Spotlight – Stories from the Field
Emily Summerlot, Prince George’s County Public Schools
Emily’s Challenge: How can data collected on a student’s academic progress in one classroom be effectively shared with all members of the IEP team?
Emily wanted to work with the school team to create a structured time for teachers and school staff to collaboratively analyze and interpret the achievement data for students with IEPs, and to identify instructional changes based on the analysis of the data. Staff were meeting weekly for professional development. These professional development sessions did not currently include reviewing student data; therefore, there were no designated times outside of IEP meetings for student data to be shared among members of the IEP team. Each teacher is making instructional decisions based on the data they have collected in their own classroom. Research indicates that collaborative analysis of student data and then using that analysis to make instructional changes improves student outcomes.
An initial session was held and teachers agreed to upload student data to a shared Google Folder, one for each student, that was accessible through a previously created staff Google Classroom. For the remainder of the year, a data review session was scheduled once a month as part of the collaborative planning schedule.
Time: 30-45 minutes once per month on already established professional development days
Materials/Resources: A collaborative platform (Zoom, Slack, Google Docs/Slides/Sheets, etc), IEP team members, student data and/or work samples, data collection tools
- Review the school calendar and highlight collaborative planning sessions
- Work with administrators and department chairs to choose a regularly scheduled time within an existing meeting when essential teachers/staff can review student data
- At the first session, collaborate with teachers/staff to identify the tool/platform that will be used asynchronously between meetings to collect classroom data and work samples
- Correspond with teachers between meetings to remind them to upload student work samples and data in the designated platform
- During subsequent meetings, analyze shared data/work samples and discuss the student’s performance across disciplines. Decide if instructional shifts or changes in the supplementary aids and services are necessary
- Teachers implement instructional changes in the classroom and repeat steps 4-5 on a monthly basis
- After one semester of implementation, evaluate effectiveness of data collection tools and collaborative platform and make revisions as needed
Implications for Practice/Conditions for Success
- Be mindful of student confidentiality requirements. You do not want to share confidential information about a student with an IEP with teachers who do not currently teach those students. You may need to remove student names from the documents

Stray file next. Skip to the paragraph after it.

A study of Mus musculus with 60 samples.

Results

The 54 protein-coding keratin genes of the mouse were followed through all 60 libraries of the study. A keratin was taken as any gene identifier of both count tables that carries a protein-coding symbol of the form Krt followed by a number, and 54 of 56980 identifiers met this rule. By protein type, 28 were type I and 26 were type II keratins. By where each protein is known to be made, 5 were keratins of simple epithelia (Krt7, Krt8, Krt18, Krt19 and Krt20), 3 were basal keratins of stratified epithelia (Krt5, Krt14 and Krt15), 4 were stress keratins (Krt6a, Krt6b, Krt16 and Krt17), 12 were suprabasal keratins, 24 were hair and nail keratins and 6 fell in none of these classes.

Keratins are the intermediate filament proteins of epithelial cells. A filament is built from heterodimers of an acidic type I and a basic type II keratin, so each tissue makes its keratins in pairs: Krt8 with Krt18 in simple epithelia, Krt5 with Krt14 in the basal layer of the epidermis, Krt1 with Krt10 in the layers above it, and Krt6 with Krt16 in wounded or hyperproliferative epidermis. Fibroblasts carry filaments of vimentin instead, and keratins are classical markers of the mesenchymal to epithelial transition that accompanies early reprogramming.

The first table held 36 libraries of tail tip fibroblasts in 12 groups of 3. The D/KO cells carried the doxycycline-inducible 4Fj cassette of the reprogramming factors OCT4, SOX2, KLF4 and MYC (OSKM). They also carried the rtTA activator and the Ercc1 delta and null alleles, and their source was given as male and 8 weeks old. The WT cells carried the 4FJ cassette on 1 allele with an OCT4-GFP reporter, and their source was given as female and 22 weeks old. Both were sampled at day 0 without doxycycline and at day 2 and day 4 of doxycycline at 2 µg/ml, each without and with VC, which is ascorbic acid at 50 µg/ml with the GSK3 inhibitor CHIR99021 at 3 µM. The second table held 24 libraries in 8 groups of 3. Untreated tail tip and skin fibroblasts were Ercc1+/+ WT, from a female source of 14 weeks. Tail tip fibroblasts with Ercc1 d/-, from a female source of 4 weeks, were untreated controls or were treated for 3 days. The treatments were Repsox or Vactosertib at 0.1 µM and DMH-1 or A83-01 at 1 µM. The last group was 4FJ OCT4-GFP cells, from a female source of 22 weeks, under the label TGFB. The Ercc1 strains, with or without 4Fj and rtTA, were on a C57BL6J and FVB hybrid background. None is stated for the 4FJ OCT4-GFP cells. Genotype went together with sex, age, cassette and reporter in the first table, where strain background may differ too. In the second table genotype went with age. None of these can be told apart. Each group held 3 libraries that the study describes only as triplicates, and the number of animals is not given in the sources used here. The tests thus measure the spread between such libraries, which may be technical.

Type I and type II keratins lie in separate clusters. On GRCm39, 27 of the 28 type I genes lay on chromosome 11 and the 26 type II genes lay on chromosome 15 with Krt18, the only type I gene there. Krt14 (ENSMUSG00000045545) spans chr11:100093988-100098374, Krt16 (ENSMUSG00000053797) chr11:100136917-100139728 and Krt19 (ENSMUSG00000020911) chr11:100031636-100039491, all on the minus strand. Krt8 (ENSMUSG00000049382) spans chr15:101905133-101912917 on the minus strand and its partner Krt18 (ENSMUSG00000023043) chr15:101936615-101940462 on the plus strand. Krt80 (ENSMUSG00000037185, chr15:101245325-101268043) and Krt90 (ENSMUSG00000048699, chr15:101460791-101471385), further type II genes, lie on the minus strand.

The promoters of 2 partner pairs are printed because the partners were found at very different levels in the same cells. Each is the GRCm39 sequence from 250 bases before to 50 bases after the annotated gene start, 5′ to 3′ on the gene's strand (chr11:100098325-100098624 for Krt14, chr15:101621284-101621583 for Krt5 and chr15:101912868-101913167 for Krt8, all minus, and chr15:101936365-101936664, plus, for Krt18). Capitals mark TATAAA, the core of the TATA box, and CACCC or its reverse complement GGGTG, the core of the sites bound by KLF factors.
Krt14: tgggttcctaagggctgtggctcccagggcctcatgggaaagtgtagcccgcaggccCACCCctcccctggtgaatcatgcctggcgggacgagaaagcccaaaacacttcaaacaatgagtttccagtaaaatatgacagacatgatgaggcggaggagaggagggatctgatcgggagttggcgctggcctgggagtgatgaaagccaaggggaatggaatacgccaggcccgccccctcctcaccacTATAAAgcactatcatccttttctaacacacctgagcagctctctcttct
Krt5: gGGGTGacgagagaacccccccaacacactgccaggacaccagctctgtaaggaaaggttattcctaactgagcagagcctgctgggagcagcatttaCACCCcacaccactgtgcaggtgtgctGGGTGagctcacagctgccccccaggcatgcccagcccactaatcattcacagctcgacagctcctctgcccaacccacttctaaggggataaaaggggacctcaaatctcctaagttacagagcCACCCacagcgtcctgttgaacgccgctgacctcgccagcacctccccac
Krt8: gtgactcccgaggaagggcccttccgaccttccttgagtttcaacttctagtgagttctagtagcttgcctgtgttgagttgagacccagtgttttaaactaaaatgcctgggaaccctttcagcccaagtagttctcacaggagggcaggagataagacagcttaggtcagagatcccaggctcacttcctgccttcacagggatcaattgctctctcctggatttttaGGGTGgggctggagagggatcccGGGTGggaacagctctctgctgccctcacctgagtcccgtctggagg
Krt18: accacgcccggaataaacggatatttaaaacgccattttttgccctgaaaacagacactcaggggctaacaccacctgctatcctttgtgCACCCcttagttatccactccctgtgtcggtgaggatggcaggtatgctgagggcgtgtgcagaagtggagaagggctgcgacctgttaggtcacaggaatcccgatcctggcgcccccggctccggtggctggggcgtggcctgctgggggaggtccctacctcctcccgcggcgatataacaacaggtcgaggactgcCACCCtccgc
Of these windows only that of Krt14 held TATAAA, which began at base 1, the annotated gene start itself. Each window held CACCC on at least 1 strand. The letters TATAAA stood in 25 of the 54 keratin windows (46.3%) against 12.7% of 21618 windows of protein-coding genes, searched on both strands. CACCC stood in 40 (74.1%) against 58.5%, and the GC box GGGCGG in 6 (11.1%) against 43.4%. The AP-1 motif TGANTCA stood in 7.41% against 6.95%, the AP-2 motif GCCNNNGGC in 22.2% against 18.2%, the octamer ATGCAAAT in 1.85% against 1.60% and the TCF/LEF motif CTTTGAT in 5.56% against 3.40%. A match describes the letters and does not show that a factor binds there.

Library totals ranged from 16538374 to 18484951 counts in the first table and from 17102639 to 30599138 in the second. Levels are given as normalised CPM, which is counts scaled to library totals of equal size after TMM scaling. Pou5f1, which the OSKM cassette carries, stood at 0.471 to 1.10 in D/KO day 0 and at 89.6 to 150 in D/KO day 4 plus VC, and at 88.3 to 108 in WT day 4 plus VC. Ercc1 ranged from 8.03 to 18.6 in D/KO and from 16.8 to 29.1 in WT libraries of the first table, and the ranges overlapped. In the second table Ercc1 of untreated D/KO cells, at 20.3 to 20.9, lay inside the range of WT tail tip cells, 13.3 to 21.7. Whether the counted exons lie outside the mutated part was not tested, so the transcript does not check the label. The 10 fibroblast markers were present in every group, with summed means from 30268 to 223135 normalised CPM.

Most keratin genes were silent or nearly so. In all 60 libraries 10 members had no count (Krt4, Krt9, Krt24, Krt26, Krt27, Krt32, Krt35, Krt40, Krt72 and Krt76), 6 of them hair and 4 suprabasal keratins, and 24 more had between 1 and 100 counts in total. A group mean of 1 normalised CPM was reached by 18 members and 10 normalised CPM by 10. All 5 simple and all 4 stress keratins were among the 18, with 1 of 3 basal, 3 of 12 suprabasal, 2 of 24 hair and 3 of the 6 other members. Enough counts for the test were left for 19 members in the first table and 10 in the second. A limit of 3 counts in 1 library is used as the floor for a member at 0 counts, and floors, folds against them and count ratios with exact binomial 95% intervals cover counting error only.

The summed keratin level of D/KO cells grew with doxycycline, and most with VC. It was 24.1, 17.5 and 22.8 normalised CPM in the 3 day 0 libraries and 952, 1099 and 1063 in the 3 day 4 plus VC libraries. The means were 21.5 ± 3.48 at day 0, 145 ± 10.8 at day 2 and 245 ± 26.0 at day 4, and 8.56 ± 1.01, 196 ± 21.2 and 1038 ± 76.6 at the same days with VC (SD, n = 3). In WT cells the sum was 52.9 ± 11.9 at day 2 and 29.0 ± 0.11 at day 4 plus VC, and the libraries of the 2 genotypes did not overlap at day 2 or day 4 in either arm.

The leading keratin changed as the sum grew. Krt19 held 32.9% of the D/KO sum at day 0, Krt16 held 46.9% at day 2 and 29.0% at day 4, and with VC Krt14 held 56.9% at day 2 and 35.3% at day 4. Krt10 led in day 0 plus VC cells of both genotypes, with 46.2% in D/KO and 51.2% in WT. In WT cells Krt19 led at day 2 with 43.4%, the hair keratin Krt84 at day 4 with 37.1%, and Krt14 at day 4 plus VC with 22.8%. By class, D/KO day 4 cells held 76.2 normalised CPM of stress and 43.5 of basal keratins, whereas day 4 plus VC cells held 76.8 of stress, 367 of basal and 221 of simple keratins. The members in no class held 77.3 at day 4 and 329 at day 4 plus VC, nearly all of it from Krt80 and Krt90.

- Consider color coding work samples or assigning numbers that do not identify a student directly but do designate which students have an IEP, 504, or receive ESOL support
- Sometimes other teachers who are not part of the IEP team have good strategies and ideas for supporting a student. If you are maintaining confidentiality, it can be valuable to include these teachers in the collaborative discussion
- If teachers who share students do not attend the same collaborative planning period, consider having structured times for “discussing” off-line using a discussion board, email thread, or other platform provided by the school system
- Be prepared to explain to teachers why this type of collaboration is important. Some teachers do not see the relevance of a student’s work in another classroom to their own instructional practices. Others do not feel comfortable sharing student work samples with their colleagues. It may take time for all teachers to invest in the process.
Supporting Research and Resources
Teacher Collaboration in Perspective: A Guide to the Research This provides an excellent summary of the many ways in which collaboration among teachers impacts the quality of teaching, teacher retention, student achievement, and other key aspects of education.
Using Student Achievement Data to Support Instructional Decision Making* This document outlines the importance of using student data to support instruction and makes recommendations for how school teams can implement specific strategies (such as designated structured time for collaborative review of student data) to improve academic outcomes
Student work analysis protocols* There are many protocols out there but all of them reinforce that if teachers look together at samples of student work, they can better identify patterns of errors, student strengths, and better ways to provide instruction targeted to those students. This would be helpful if teachers were using work samples related to the IEP goal rather than coming with results based on their own analysis of the student’s work.
*This pdf is not 100% accessible and is not a required resource.